Sachein is a good change of pace for Vijay( and viewers), from his recent line of action- and violence-packed masala films like Thiruppaachi, Madurey and Gilli. Since the actor has reiterated his belief, in numerous interviews, that only masala films will be successful in the current atmosphere, his selection of a 'soft' movie(atleast in story if not in execution) itself is a welcome step. But still, it is quite obvious that the director has struggled to tailor it to Vijay's current image.
Having decided on acting in a romantic movie, Vijay has naturally selected a story similar to the story in Kushi, his last big hit in the romantic genre. Vijay selecting Kushi as the scale for this movie is understandable considering its success but at several places, Sachein seems like an exact replica of Kushi. From its core problem of ego separating two lovers to the presence of the 'other woman' who stokes jealousy in the girl's mind, Sachein follows the exact same storyline.
Since its a love story, a large part of Sachein's success depends on its lead characters and the director has been successful in their characterization. Sachein, with his easy-going nature, is a loveable guy and it is easy to accept Genelia's feelings for him. His playfulness and frank nature make us smile more than a few times and he has some good observations, which manage to not sound preachy like Vijay's comments in some previous films, on love. Genelia's Shalini is also a three-dimensional character rather than a cardboard cutout. Her anger at Vijay pooh-poohing her looks and her ego are all believable and make the character quite human.
Naturally, the movie is most engaging when focussing on its two leads. Their initial fights as Vijay irritates Genelia are fun and enjoyable and its nice seeing Genelia's attitude towards Vijay undergo a gradual change. There are also a couple of nice touches like Genelia not believing Vijay's story about her father's accident and a similar scenario being repeated later with the roles reversed. The point where Vijay reveals his love to Genelia is a surprise and the way it is handled is also nice.
Director John doesn't seem to have concerned himself with anything other than the characters and their issues. Even the main characters float around with no information on any aspect of their life other than what we see onscreen. Though they are college students, there is not a single scene of Vijay or Genelia attending a class and we never see Vijay's place of residence. Bipasha appears suddenly, rolls around with Vijay, appears to be trying to seduce him and then exits with a lame-ass excuse.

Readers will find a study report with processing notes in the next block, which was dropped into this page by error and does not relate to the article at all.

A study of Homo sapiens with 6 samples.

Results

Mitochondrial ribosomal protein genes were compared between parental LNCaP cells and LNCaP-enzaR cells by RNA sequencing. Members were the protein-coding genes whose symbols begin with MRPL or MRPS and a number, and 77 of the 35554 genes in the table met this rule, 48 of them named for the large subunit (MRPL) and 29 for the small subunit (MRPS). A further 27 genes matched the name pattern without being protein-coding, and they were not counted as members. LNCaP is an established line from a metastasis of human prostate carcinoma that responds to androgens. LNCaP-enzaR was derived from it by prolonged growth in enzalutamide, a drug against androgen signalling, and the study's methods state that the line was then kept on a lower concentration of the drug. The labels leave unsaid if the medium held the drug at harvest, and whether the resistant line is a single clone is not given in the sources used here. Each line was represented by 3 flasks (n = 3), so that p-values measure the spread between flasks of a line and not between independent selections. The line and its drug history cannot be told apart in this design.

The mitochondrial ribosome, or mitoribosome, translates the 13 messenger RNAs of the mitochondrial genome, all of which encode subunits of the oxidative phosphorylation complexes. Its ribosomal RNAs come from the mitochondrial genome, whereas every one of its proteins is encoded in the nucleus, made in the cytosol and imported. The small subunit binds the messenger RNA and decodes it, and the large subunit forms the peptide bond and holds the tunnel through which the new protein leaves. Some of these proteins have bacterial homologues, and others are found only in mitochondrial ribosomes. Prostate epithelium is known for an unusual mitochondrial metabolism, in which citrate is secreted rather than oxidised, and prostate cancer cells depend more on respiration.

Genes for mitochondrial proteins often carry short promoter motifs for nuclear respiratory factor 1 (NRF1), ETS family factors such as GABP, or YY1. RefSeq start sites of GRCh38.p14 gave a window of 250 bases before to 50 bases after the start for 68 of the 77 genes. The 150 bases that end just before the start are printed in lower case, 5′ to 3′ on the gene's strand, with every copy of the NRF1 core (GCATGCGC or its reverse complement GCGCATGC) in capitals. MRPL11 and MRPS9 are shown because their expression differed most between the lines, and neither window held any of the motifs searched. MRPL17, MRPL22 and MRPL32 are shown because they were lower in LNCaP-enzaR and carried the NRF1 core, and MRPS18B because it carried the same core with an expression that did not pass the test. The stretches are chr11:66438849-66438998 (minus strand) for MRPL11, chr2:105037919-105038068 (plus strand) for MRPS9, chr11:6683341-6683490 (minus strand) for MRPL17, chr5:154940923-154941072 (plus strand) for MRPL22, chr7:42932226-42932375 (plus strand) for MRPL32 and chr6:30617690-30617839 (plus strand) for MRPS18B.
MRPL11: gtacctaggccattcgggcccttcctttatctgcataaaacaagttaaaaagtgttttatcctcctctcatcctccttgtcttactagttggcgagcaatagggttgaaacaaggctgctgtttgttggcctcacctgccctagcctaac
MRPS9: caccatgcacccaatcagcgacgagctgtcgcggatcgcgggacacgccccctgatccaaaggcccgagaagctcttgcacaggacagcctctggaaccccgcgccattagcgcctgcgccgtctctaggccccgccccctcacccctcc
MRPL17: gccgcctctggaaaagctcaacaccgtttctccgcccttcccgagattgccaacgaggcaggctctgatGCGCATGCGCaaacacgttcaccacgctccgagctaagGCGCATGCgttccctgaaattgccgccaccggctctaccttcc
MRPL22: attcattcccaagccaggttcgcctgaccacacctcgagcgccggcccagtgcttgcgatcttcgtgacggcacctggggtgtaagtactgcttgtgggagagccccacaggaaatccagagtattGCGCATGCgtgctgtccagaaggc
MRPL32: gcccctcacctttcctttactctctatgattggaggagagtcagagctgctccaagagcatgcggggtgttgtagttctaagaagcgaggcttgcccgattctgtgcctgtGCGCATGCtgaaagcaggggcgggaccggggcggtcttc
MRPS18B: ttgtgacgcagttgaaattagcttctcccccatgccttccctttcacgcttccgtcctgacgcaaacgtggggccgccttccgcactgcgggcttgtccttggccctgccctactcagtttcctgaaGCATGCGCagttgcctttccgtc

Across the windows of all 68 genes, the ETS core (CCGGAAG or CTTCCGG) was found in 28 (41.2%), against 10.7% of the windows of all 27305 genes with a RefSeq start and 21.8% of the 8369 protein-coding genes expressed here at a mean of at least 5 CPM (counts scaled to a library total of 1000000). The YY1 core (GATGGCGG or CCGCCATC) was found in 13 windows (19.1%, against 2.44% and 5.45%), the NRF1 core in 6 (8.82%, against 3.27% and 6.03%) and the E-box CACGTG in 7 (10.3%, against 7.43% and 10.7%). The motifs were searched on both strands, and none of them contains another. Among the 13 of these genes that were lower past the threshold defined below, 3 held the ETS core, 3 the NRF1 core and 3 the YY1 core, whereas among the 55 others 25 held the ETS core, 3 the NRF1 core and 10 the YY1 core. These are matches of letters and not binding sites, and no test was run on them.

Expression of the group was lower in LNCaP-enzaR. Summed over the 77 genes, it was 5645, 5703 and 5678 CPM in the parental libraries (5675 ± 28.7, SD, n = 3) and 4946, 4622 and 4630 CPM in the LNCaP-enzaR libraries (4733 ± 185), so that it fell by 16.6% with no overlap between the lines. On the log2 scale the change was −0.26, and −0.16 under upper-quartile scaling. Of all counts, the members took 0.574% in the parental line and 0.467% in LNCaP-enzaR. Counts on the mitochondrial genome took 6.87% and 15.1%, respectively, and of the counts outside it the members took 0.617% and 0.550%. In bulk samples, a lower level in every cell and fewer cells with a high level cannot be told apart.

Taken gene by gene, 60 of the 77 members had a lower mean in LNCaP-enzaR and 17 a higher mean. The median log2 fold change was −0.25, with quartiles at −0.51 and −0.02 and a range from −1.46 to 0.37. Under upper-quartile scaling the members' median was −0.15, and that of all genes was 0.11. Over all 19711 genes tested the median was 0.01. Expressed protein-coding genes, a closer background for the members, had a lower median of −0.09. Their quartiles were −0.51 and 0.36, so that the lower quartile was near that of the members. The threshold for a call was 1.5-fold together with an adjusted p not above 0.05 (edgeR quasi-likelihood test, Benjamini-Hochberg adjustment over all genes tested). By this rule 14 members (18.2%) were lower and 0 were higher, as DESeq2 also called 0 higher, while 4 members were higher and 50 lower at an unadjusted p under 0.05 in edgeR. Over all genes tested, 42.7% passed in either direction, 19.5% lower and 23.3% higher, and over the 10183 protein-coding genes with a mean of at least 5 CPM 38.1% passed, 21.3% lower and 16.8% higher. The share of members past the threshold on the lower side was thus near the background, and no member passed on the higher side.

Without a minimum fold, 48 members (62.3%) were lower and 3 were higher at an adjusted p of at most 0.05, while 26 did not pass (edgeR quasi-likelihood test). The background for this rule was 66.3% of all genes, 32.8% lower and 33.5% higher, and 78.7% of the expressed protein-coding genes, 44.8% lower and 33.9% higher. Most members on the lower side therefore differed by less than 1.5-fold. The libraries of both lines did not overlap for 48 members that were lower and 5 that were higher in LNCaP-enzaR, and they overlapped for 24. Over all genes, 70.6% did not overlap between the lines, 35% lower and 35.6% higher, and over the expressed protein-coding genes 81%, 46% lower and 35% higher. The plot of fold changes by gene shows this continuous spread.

The songs and the fights are clearly designed to ensure that Vijay's fan's don't walk out. Barring one song, the rest are of the duppanguthu variety and don't gel in what is essentially a soft romance. The fights too are inserted awkwardly (but admittedly, they, especially the second fight, have been choreographed and picturized well). There are quite a few movie in-jokes about Kushi, Mouna Raagam, etc. Depressingly, there are also several double entendre dialogs (many of which have been censored) spoken by everybody, including Vijay (tellingly, the film earns a UA certificate even after the silenced lines).
Vijay himself seems to have enjoyed the break from kambus and aruvaals. He looks young enough to pass as a college student(something you couldn't say about Ajith in Ji) and is quite charming. But there are a few times when I felt his expressions and mannerisms go a little too far. Genelia is pretty and has an expressive face too. She just needs to cut down on her "Shut up"s. Vadivelu is inserted into the movie using the cliched excuse of an eternally-failing college student. Though he has definitely grown on me with some recent performances in movies like Giri and Chandramukhi, his track here is rarely funny. Songs are all catchy even if not memorable.